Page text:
Speed, I was reading some old posts and i came across one and you stated if you cant pull up water with a pitcher pump a jet pump wont work either.

    I was at the lake house last July and I hooked up a hand pump after I rebuilt the leathers in it. I primed it and pumped for 10 minutes. I felt resistance but it wouldnt surface.

    My neighbor came by with a piece of lead on a string. I took off the hand pump he dropped the lead and the water was 65 feet down if Im not mistaken.

    This pipe is about 15 feet away from the main pipe connected to the jet pump. Back in the 80s we used to have the hand pump connected to it. Is 65 feet too deep for a saindpoint well? If so what are my options? Whats the ballpark range to have someone come out and drill a deeper well?



  2. #2
    Pump guy speedbump's Avatar

    A shallow well pump of any kind can only lift water 25 feet vertically. In the scientific world that number is 32 feet, but in the real world 25 feet is the max. A deep well jet pump can go as deep as 150 foot with the right pump and the jet in the well at the water level. You will need at least a two inch well to make this work. They don't make jets for anything smaller.

    I have never seen a driven well deeper than 35 feet. That is in Michigan where there are a lot of them. Here in Florida, my experience in the two county area I am familiar, 5' to 25' is standard.

    bob...

    15 years ago it was $15/foot for steel, $12 for PVC, I think it's around $20 now, depends on how hungry they are.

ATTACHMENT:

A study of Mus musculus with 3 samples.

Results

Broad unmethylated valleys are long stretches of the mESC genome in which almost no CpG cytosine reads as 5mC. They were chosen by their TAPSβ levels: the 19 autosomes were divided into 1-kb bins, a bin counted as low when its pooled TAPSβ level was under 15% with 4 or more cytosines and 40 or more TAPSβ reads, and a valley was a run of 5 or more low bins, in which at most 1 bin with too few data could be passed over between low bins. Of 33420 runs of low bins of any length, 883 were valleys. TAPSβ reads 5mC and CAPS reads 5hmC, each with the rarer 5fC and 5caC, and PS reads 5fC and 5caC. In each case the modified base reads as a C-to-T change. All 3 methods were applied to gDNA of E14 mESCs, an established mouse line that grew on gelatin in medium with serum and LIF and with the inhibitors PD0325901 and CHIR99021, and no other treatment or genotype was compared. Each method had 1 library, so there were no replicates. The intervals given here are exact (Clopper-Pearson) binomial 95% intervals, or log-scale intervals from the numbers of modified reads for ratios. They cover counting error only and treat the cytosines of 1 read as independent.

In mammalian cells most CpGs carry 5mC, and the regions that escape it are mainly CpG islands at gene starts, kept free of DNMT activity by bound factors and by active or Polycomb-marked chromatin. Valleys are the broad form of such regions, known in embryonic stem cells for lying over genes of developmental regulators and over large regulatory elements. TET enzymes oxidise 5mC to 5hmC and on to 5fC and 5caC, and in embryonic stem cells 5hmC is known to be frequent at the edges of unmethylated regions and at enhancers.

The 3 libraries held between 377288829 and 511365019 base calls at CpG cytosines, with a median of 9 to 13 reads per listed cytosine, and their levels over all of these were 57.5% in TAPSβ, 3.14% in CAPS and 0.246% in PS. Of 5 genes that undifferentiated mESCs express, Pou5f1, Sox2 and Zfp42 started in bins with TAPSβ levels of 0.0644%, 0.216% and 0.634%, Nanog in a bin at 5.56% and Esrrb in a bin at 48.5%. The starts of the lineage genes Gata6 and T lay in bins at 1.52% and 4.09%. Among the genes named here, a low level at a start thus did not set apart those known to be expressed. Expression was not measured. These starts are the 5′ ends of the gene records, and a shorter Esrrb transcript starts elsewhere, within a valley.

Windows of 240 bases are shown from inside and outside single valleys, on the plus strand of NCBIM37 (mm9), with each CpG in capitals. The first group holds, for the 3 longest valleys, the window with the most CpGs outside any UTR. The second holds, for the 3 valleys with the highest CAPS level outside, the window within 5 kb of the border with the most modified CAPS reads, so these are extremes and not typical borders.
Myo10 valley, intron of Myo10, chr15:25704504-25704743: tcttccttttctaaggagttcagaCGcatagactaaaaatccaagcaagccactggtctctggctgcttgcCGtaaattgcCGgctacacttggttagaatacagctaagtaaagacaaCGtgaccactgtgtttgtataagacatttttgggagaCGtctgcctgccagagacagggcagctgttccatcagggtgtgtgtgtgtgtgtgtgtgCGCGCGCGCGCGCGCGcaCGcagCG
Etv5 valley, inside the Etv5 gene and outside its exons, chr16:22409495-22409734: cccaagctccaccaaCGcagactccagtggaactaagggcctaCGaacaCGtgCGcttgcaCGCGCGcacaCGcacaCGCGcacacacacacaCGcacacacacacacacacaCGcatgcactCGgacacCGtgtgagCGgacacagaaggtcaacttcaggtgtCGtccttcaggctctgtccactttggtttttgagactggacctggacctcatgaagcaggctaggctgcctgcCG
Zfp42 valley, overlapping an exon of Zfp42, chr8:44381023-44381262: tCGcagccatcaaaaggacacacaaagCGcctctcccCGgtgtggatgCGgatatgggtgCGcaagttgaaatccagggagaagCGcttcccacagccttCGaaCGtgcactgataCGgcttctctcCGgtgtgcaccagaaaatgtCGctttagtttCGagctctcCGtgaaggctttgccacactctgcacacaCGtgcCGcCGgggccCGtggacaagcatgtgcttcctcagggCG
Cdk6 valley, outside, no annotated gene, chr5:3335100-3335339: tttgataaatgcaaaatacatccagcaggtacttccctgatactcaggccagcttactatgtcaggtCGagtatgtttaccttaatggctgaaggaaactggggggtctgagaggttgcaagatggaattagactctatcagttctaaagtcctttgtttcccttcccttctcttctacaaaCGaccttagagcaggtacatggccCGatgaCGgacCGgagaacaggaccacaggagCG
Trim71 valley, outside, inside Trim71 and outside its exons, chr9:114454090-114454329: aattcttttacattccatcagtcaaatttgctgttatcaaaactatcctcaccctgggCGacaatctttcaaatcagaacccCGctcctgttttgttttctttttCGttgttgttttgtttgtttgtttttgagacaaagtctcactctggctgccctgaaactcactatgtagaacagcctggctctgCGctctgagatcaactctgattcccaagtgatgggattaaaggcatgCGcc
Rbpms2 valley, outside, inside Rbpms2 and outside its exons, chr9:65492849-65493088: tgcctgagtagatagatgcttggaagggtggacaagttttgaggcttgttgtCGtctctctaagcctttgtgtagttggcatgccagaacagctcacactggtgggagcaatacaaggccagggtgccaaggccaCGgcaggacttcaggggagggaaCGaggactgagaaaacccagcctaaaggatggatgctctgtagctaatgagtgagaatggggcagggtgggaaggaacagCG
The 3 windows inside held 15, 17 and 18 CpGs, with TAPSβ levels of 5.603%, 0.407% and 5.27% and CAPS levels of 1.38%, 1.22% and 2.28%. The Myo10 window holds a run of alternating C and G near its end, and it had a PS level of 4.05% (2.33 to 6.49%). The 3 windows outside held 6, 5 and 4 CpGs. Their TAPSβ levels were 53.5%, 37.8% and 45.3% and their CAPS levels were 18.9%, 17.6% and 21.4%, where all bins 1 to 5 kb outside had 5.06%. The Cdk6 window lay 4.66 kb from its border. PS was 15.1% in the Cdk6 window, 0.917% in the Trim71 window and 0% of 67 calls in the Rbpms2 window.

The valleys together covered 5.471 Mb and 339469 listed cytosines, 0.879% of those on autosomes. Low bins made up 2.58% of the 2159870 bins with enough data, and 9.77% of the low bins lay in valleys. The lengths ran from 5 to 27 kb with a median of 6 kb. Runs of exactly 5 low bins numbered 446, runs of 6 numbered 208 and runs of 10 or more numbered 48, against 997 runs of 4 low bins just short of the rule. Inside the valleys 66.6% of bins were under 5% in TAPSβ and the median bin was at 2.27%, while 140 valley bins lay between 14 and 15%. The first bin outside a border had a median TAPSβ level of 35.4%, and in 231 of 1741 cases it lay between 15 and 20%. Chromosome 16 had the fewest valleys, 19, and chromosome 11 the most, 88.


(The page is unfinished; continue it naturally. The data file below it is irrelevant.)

rancher

  4. #4
    But I think the well he is talking about is in Wisconsin

  5. #5
    Pump guy speedbump's Avatar

    bob...


  7. #7
    Pump guy speedbump's Avatar

    bob...

    quote:Originally posted by speedbumpFor some reason they seem to drill all 6" wells there.
    The one they drilled me was a 7" steel well cased all the way down... why 7" I dunno, try to find a well seal for a 7" well, or at least one listed in a catalog. Dean Bennett Supply came to the rescue.

    Rancher

  9. #9

    Bob, WI and MN both have a lot of well point 1.25-2" and drilled 4" wells. Most drilled wells aren't much deeper than 150'. They use 4" submersibles in the 4" and can barely get them out later. They also use alot of galvanized drop pipe too.

    Gary

    The old jet pump I have in the crawl space looks like a small air compresser with the tank on the bottom. I am for sure gonna get a new one. Do jets have to be mounted directly on the tank like that? Can I use a CSV in that setup?

    Im trying to get all the info I can before I get to Wi because the house is in the boonies, and I dont think the people up there even heard of the internet.